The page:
Last week, Clarences Bar was the host of a Mountain Goat tap takeover. For those who are unaware, a tap takeover is when a brewer comes into a bar, rips all of their usual tap products off their taps and replaces it with their own.
Clarences combined six tap beers and one bottled cider with three beautifully crafted eats. The kitchen, known for creating menus to suit their clientele’s drinks, pulled together some beautiful bites to match each and every drink on this menu.
As a someone who isn’t a beer drinker, I figured it was time to test the waters and see what flavours stood out in different beers. I wanted to explore what I thought and tasted and whether I’d be able to drink them on a night out. A tap takeover at one of the best bars in Perth seemed like the perfect setting. I tried them in order of intensity and flavour so that one didn’t overpower the next.
This is easy drinking and is almost like a quieter version of a summer ale (the only beer I drink freely). Hops, straw and zest hit me straight away, but the flavours were exciting. The freshness really boosted it. By far my favourite, it also made me want to eat, I liked knowing this could accompany a meal.
Could I drink this? Definitely!
For a more bitter beer, I was surprised that I liked this. It’s fruit driven, with a long finish, that was complemented by a touch of roses and rounded off with hops. This was when I realised that maybe my beer palate was a little more well-rounded than I thought. It was full and its flavours were complex. I liked it.
Could I drink this? Yes, but not for a whole night out. The Amber, long finish made it a little heavy.
The nose on this was sweet and finished off slightly bitter. It was almost flat, unlike the Amber and Steam which and rounded off well.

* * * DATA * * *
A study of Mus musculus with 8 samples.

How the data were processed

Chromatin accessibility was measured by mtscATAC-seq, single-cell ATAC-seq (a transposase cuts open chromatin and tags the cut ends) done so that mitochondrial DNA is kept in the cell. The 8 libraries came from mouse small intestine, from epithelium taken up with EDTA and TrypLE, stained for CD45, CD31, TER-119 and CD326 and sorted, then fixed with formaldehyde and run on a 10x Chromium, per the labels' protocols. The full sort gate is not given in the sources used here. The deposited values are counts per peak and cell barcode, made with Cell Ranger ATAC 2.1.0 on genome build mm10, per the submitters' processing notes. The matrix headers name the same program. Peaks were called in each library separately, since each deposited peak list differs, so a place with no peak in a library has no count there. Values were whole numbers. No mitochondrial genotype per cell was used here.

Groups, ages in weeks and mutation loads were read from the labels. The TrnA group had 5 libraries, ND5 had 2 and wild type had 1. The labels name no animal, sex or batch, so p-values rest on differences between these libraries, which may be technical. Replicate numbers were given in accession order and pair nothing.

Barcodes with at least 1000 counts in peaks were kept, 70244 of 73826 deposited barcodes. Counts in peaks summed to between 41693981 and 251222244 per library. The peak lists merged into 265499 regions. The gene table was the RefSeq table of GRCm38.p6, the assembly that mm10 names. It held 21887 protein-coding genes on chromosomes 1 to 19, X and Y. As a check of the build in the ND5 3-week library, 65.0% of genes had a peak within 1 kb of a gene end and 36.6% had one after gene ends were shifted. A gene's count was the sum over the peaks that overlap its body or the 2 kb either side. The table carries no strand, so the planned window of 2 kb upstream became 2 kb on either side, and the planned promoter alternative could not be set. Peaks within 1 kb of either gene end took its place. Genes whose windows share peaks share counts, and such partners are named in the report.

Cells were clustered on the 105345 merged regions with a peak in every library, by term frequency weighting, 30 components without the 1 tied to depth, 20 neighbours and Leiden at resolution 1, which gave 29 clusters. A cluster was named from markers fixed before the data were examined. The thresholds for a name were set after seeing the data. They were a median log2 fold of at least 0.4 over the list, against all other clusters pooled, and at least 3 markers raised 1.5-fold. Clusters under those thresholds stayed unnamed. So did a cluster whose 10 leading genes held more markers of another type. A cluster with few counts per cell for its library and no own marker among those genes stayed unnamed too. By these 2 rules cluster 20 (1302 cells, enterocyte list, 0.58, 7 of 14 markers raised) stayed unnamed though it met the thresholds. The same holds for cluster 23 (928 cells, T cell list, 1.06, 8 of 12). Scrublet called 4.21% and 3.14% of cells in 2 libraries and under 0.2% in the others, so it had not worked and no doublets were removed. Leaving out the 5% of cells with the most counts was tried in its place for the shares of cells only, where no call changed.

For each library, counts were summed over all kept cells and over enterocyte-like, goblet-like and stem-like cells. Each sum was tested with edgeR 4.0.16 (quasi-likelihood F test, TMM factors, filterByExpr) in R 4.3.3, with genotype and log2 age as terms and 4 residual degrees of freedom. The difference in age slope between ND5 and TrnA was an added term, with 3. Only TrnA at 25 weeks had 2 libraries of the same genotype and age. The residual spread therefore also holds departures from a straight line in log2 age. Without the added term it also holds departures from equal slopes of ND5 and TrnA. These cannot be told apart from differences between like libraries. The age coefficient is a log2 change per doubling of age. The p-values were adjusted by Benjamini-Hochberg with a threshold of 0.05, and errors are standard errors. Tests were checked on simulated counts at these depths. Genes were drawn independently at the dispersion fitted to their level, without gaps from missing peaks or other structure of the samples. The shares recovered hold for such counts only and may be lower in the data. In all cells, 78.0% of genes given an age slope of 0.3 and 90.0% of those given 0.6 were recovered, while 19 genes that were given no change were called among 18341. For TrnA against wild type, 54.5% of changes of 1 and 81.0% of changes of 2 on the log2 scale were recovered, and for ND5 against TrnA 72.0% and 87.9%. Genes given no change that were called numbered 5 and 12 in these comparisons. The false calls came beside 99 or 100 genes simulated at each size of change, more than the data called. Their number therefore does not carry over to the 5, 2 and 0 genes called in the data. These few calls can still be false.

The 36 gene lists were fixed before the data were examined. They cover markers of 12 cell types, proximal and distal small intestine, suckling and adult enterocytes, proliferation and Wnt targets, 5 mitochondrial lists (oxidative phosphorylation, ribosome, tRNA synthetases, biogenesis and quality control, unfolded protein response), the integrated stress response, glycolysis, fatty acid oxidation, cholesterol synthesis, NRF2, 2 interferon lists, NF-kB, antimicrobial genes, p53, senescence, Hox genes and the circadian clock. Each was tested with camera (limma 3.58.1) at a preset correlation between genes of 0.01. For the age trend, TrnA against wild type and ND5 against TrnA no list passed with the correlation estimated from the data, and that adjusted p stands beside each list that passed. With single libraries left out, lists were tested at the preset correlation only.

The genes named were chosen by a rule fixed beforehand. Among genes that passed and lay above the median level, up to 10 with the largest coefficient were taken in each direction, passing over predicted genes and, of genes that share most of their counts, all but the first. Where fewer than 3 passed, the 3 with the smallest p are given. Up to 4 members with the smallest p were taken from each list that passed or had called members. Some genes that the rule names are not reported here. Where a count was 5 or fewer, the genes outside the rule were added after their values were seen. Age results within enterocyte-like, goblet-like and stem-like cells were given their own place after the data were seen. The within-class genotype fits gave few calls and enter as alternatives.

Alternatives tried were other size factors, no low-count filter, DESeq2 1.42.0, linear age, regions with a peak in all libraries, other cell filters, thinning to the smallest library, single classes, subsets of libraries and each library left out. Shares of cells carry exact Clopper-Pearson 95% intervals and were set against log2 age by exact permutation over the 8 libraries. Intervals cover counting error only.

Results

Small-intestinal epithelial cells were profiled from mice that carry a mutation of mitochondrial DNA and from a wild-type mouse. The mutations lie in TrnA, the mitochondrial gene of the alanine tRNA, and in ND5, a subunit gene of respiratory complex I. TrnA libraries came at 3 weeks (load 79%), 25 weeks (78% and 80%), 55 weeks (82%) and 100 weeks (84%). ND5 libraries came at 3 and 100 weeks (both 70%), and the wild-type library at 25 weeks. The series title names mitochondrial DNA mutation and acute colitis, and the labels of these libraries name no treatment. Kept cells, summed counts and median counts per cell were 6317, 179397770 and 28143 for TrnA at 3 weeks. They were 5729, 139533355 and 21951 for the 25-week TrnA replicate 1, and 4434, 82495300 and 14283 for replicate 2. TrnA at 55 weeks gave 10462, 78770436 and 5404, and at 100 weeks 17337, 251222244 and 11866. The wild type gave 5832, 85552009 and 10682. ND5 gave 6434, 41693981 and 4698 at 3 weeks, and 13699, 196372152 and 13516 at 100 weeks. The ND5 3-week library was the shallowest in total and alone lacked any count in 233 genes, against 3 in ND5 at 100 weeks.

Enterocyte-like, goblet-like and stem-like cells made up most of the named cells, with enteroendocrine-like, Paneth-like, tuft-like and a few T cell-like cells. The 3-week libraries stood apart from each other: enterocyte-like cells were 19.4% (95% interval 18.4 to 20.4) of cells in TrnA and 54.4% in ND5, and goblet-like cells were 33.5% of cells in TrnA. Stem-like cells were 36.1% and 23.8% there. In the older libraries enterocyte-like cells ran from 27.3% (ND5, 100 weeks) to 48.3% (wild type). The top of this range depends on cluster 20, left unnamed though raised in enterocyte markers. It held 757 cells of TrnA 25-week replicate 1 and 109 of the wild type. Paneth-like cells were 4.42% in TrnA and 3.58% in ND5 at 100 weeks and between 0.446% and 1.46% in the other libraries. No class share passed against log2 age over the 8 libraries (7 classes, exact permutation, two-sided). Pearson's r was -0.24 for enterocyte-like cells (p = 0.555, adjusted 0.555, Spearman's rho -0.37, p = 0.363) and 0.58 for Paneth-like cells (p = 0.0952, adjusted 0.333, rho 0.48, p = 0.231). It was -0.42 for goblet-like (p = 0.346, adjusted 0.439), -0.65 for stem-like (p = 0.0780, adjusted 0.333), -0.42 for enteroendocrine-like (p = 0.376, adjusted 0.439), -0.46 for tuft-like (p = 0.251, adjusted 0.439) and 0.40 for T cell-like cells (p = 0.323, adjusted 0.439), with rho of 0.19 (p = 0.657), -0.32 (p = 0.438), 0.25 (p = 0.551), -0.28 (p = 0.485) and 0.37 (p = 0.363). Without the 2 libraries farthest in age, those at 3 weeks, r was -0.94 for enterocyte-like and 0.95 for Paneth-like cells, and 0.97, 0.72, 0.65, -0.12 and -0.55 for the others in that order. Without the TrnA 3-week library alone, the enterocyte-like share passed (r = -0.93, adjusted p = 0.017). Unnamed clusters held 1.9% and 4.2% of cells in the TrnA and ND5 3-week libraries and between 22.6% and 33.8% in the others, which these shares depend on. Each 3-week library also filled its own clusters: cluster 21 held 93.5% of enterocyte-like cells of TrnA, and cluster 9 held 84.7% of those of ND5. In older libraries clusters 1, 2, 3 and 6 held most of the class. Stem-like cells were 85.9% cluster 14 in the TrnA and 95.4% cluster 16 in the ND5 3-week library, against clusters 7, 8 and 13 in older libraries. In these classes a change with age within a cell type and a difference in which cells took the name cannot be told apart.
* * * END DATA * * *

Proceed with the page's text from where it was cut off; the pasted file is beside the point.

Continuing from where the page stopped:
I liked this too, but it was a little intense for me. The bitterness that was carried in the length was a bit overpowering; it’s not something I’m used to. It was well rounded, though, which I liked.
Could I drink this? Maybe one, but it’s not something I could smash back all night. I missed the fizz that other beers and ciders have.
When I first smelt this, it was comforting. The malt and the coffee together was thick, and a bit hard, but if felt warm. Perfect for the night, it was blustering outside and I understood why people turn to dark beers in winter. Relaunched at the Goat Brewery on the 24th July, this beer grabbed me, I was surprised.
Could I drink this? I wanted to. There were a lot of flavours, but the comforting smell pulled me in.
Wow. Coffee and dessert.
While the complexity was interesting, this was way out of my ball park. The sweet heavy texture, combined with molasses was smooth, but I wasn’t sure.
The coffee flavour made it easier for me to engage with but its heaviness and the molasses were really in the forefront which I’m not used to. I was surprised by how comforting the smells were and how I was interested to see how it would work with food.
Could I drink this? Maybe. No. I’m not sure. I don’t think I gave it enough of a chance, and I think I wanted food with it.
This was like nothing I’d ever tasted or smelt before. Dark and textured, but really light. The similarity to an espresso was outstanding. While the taste was light, it was backed up with this punch of intensity and chocolatey. It was overpowering but understated at the same time, quite a confusing drink.
This Cross Breed with Seven Seeds has been created just for winter and hit shops in July.
Could I drink this? A little yes. A pint? No. But maybe one day I can pull together my love for coffee and booze. Once that’s happened, this will be my jam.